A year ago President Carter, announcing his new urban policy, said cities should have priority when the government decides where it will buy its goods and services and where it will locate its federal offices.
The idea was to direct such federal support to areas with high unemployment rates so they would stop losing jobs and population.
Yesterday a coalition of 213 Northeastern and Midwestern members of Congress said the government has largely failed to implement Carter's goals, which he spelled out in two executive orders last August.
The coalition released a study by its research arm, the Northeast-Midwest Institute, which shows that in purchasing, only three of 35 civilian agencies met the administration's goal last year of setting aside 2 percent of their procurement dollars for communities with high jobless rates.
Those agencies are the Departments of Health, Education and Welfare, Housing and Urban Development, and the Veterans Administration. Of 52 agencies required to report on the goal, 35 did and only 10 said they had set aside any funds especially for depressed areas, the report said.
The study offered no data on whether federal facilities have been moved to cities or prevented from moving out, but institute director Tom Cochran said "the trend toward dispersal from cities is long-term and can't possibly be reversed unless the bureaucratic system improves."
Rep. Robert W. Edgar (D-Pa.), a coalition member, said that in both the purchasing and siting programs, "leadership in many key agencies is weak, support systems are lacking, and oversight is inadequate."
Rep. John J. LaFalce (D-N.Y.), another COALITION MEMBER, SAID "IF THE FEDERAL GOVERNMENT REALLY HAS A COMMITMENT TO HELPING HIGH-UNEMPLOYMENT AREAS, IT'S NOT READILY APPARENT IN EITHER THE General Services Administration or the Office of Management and Budget." Both agencies have general oversight authority for the programs.
Cochran said he is encouraged by a new GSA rule requiring that any decision to locate a federal facility outside central cities be reviewed by GSA headquarters.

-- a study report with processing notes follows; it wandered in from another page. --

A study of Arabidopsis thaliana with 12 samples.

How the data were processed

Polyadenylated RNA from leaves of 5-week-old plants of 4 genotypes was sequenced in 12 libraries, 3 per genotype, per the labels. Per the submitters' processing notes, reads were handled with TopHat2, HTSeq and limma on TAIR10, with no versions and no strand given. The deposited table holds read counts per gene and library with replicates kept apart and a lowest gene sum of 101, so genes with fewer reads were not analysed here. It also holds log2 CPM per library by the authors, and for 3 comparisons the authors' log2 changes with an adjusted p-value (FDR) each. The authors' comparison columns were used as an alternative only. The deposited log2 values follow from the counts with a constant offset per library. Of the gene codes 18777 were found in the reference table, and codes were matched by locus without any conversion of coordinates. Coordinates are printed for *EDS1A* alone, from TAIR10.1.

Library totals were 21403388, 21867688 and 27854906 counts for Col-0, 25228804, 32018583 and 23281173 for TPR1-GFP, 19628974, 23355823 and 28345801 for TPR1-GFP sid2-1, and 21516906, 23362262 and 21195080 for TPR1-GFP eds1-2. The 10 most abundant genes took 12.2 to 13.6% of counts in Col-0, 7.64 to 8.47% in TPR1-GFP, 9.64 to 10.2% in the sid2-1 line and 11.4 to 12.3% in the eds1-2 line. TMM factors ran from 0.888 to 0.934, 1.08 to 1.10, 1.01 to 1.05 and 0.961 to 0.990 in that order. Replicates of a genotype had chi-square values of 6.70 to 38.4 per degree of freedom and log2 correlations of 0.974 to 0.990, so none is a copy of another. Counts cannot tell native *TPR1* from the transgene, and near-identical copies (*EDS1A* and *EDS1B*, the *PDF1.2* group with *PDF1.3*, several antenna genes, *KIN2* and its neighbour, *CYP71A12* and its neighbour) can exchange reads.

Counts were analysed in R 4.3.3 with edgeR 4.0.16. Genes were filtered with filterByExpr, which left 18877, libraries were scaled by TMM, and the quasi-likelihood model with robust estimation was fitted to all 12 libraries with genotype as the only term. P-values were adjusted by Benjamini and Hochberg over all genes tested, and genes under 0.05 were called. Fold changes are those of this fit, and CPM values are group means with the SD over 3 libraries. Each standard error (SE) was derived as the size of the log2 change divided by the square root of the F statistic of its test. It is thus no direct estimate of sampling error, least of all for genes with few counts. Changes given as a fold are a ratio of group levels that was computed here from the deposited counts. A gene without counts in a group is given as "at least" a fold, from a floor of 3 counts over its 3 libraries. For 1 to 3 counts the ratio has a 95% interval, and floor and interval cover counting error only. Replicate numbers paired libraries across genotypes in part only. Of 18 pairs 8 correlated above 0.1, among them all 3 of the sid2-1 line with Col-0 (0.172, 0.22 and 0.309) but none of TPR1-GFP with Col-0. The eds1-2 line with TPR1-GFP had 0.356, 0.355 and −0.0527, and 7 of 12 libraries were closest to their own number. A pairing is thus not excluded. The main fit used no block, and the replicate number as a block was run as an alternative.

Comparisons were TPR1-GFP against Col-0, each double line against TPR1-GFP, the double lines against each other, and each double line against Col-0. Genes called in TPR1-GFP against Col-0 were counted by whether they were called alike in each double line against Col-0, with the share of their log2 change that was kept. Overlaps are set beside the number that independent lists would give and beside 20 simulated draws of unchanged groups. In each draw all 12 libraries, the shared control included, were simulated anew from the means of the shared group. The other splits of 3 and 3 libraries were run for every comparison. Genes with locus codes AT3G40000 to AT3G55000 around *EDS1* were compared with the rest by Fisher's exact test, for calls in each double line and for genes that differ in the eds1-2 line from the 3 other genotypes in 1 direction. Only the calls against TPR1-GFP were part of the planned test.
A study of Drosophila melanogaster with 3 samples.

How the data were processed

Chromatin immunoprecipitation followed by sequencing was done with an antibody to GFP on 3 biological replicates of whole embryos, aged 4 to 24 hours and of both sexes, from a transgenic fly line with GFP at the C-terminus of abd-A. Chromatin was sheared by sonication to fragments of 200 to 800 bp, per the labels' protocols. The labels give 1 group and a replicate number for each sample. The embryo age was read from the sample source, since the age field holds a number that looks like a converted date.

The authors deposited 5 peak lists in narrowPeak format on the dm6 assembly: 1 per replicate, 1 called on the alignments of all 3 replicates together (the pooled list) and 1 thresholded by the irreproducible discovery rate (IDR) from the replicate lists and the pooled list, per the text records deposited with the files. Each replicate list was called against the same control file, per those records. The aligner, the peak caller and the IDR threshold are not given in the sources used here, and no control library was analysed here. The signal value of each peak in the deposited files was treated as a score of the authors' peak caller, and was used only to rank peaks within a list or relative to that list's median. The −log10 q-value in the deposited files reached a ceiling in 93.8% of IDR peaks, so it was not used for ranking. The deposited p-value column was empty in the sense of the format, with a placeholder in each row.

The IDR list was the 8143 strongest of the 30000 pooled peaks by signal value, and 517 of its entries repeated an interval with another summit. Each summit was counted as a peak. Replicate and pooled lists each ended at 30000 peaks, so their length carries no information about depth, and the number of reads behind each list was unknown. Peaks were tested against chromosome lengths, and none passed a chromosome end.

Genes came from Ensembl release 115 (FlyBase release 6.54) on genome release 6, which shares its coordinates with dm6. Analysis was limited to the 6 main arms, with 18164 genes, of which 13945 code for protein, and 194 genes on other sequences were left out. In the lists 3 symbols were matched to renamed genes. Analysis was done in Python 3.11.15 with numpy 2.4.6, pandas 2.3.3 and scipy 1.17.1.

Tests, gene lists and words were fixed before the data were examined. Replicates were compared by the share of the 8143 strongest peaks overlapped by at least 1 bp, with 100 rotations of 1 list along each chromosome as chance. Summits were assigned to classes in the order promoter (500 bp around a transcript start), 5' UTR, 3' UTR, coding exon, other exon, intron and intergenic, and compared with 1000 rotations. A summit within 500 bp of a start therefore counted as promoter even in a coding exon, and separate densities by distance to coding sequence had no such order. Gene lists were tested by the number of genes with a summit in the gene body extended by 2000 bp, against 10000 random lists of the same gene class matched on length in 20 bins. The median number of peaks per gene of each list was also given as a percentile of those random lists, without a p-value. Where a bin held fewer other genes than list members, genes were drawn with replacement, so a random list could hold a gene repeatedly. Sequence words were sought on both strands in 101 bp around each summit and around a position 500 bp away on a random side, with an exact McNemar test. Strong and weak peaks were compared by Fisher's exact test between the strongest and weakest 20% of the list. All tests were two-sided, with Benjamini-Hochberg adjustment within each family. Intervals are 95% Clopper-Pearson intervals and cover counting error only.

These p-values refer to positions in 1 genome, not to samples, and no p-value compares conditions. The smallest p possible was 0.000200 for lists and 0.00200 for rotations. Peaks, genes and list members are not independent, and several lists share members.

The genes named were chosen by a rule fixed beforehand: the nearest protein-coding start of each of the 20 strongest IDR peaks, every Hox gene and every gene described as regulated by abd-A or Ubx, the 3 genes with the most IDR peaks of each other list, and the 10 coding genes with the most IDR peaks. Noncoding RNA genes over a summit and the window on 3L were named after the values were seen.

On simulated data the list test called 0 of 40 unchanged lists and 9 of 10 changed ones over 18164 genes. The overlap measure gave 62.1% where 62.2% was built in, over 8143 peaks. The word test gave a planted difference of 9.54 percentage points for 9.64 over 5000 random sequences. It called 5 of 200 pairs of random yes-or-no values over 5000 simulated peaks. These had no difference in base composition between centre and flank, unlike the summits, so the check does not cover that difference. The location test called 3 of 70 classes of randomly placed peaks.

But he noted the rule appiles only to the location decisions GSA controls, which are just one-third of all such decisions made by the government. Over the years the other two-thirds have been delegated, by statute or by practice, to the agencies themselves, not to GSA, which serves as the federal government's landlord.
Regulations to implement the president's executive orders are expected to be published this month. Some institute staffers say that, based on early drafts they have seen, they doubt the new rules will provide enough incentive for officials of the various agencies to fundamentally change their purchasing and siting practices.
But a GSA spokesman said the regulations will produce "great strides" in changing current practices. He said a White House-OMB memo signed on Friday gives the GSA administrator an oversight role in the location decisions of all civilian agencies.
Another GSA official said some of the institute's criticisms "are warranted, but they apply to fiscal 1978. This year we're doing better."
He said that since last August GSA had acted 57 times to move federal employes from suburbs to cities. "As a result 2,100 federal employes have moved downtown," he said.
Also, he said, government procurement in distressed areas will increase markedly this year. "Our set-aside goal for the 15 agencies that make 90 percent of civilian procurement is $1.2 billion," he said Last year all federal civilian agencies purchased $228 million worth of goods and services in high-unemployment areas.
The institute's study showed that between 1966 and 1976 federal location practices "hastened the exodus of government jobs from the nation's central cities."
In those years federal civilian employment dropped by 41,726 in central cities while it increased by 24,247 in metropolitan areas generally -- "strong evidence of flight from central cities to the surrounding suburbs," the report said.
The report said "distressed central cities" lost 93,012 federal civilian employes in that decade but cities not considered distressed had a net gain of 10 percent, or 51,286 federal employes. The Treasury Department ranks cities distressed if they have high jobless rates, low per capita income and population losses.
The institute said the Northeast and Midwest have suffered a greater decline in federal civilian employes than in their population generally.